October 29 , 2007
Santa Rosa de Copán, Honduras
Well, we're certainly not lacking in excitement these days. Diego returned from Sydney, Australia, quite thrilled at his experience seeing the world outside of Honduras. If you've read prior news pages, you'll know that Diego is a 19 year old youth who has been involved with our youth center, La Roca, since its inception. He was selected by Oxfam to attend an international youth conference in Sydney; Oxfam paid his travel & accomodations once there in Australia and one of our supporters covered the costs on our end for the numerous trips to the capital city to get ID and travel documents. The focus was on youth participation in community development and we would like to build on that by getting Diego involved in working with younger kids in a sports program at La Roca. It will cost us about $100 per month and we're looking for a sponsor for that role.
Thanks to response from the last email, we enjoyed taking a load of produce from the Moses Project up to the girls orphanage by the hospital. We had frijoles (beans) and coffee from the farm, cabbage, oranges, manderins & starfruit from the yard behind the house, 3 kinds of marmelade the boys made from oranges, manderin & guayava from the house yard and packages of candy also made by the boys from manderins. We were hoping to have corn ready for another delivery yesterday, but the rainy weather has slowed the process down. Hopefully this coming week we'll be able to deliver corn, peppers and some cucumbers as well as some more marmelade.
We also received confirmation that 4 of the 8 boys in the Moses Project have been awarded government scholarships for their work in grade 6 (as a result of them now being back in school). Junior, Luis, Darwin & Orbin were each recognized for their academic prowess.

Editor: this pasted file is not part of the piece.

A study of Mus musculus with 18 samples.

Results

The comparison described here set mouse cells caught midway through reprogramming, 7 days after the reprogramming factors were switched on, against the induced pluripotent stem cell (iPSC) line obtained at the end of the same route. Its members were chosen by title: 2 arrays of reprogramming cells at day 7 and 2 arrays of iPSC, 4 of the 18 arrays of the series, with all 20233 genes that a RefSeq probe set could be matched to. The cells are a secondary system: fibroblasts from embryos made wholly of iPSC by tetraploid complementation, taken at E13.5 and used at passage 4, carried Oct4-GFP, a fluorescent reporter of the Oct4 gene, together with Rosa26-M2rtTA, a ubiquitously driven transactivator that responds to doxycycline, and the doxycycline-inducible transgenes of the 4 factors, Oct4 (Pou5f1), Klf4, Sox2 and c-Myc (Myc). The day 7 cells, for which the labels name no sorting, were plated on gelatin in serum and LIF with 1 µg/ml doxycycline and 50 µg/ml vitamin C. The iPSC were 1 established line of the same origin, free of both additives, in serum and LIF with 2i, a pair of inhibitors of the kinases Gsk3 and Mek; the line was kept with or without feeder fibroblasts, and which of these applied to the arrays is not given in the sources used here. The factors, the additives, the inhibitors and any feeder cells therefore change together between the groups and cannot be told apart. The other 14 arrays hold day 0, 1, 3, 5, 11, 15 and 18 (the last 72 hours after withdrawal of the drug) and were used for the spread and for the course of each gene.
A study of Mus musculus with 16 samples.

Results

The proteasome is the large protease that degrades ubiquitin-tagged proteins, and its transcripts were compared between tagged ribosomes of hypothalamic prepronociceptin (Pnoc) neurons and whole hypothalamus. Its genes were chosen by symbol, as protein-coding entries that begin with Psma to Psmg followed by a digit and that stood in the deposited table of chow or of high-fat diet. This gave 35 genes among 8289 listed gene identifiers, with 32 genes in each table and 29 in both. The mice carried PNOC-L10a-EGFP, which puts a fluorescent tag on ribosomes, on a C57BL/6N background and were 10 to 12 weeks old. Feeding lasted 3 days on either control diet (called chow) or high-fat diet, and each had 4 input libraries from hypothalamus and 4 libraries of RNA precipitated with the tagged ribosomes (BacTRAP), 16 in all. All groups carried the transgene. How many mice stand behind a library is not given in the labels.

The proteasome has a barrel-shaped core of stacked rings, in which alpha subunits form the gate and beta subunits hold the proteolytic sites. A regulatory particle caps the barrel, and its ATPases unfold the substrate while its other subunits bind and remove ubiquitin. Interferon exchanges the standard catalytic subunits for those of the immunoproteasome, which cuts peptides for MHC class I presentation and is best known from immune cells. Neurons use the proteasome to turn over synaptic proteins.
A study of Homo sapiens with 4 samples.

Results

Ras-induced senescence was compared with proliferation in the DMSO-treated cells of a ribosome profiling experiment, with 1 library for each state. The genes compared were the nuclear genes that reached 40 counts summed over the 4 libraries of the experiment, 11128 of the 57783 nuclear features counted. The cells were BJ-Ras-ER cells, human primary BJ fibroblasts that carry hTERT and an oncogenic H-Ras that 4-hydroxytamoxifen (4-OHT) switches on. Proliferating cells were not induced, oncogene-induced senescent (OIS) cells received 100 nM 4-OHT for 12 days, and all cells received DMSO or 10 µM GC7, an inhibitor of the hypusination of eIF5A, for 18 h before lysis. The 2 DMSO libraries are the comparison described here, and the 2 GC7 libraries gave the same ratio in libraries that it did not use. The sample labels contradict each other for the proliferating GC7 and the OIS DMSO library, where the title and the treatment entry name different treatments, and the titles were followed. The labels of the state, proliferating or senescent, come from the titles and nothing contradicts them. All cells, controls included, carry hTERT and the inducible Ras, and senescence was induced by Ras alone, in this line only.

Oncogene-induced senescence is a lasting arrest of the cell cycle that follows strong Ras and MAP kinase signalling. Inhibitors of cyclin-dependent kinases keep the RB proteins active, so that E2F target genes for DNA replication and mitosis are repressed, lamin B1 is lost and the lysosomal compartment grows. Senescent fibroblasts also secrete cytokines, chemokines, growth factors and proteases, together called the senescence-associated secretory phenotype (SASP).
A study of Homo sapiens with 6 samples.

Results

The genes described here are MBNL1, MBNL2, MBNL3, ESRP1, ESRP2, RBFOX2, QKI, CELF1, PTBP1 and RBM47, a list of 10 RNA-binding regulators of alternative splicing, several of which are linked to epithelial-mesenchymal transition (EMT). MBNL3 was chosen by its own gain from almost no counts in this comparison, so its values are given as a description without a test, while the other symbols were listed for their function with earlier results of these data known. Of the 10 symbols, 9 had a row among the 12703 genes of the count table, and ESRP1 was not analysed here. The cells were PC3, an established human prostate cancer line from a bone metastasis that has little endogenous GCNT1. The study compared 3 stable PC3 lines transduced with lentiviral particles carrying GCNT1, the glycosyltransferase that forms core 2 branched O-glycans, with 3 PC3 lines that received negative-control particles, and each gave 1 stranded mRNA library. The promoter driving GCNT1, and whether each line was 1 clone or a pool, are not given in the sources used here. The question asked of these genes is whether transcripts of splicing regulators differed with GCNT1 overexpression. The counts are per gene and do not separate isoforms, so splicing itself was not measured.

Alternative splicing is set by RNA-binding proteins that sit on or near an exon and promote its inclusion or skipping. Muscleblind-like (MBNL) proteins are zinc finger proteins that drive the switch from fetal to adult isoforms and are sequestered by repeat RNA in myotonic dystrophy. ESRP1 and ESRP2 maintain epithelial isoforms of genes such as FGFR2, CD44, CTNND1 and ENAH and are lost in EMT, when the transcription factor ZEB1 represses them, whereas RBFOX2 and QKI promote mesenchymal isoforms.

And finally, we had two experiences with the local police over the past week: one good and one, well, not so good. First the good news is that the police finally raided the house being the farm, one we suspect as housing the theives that have regularily raided our veggies, our frijoles and our corn. They found a virtual hardware store of stolen tools along with corn, etc. We left it alone as it's rather hard to identify stolen corn...
The other police experience involved one of our youth. In a case of "wrong place / wrong time", Luis was picked up by the police last Sunday afternoon at 2pm on suspicion of theft of a cell phone. Luis did not have ID and the phone number he provided to contact the residence was incorrect -- he missed by one digit. Finally at 8pm I went walking the streets of 'uptown' Santa Rosa to find out why Luis hadn't returned for supper. I even checked the emergency ward at the hospital. Finally, I returned home to print up 4 copies of a "Missing Person" sheet with Luis' picture and data to deliver to various groups of police that I had seen during my search. I returned at 10:30pm with my posters complete and couldn't find any of the police I'd seen earlier, so I went to the police station. They assured me they'd do everything possible to locate Luis. What they didn't tell me is that he was in a cell at the back of the police station -- the guy up front wasn't aware of that. The next morning at 7am the police called me at home to inform me that they had Luis at the station and I immediately picked up Freddy and went down to retrieve him. Again, the officer at the front desk (different guy) had no idea what we were talking about and went back to check. He returned with a story about a fine, etc., that Luis would face for vagrancy as they had picked him up late at night. When he finally allowed us to see Luis, we discovered that vagrancy had nothing to do with it and that Luis was basically being held as a suspect. We talked with the orignal officer that picked him up as well as the inspector in charge and Luis was soon on his way with us. Apart from hungry and tired (no food or sleep since noon the day before), Luis was non the worse for the experience. Subsequently, we created laminated ID cards for each of the youth with our logo, their picture and home & cell phone numbers for contact and they are instructed not to leave our neighborhood without them.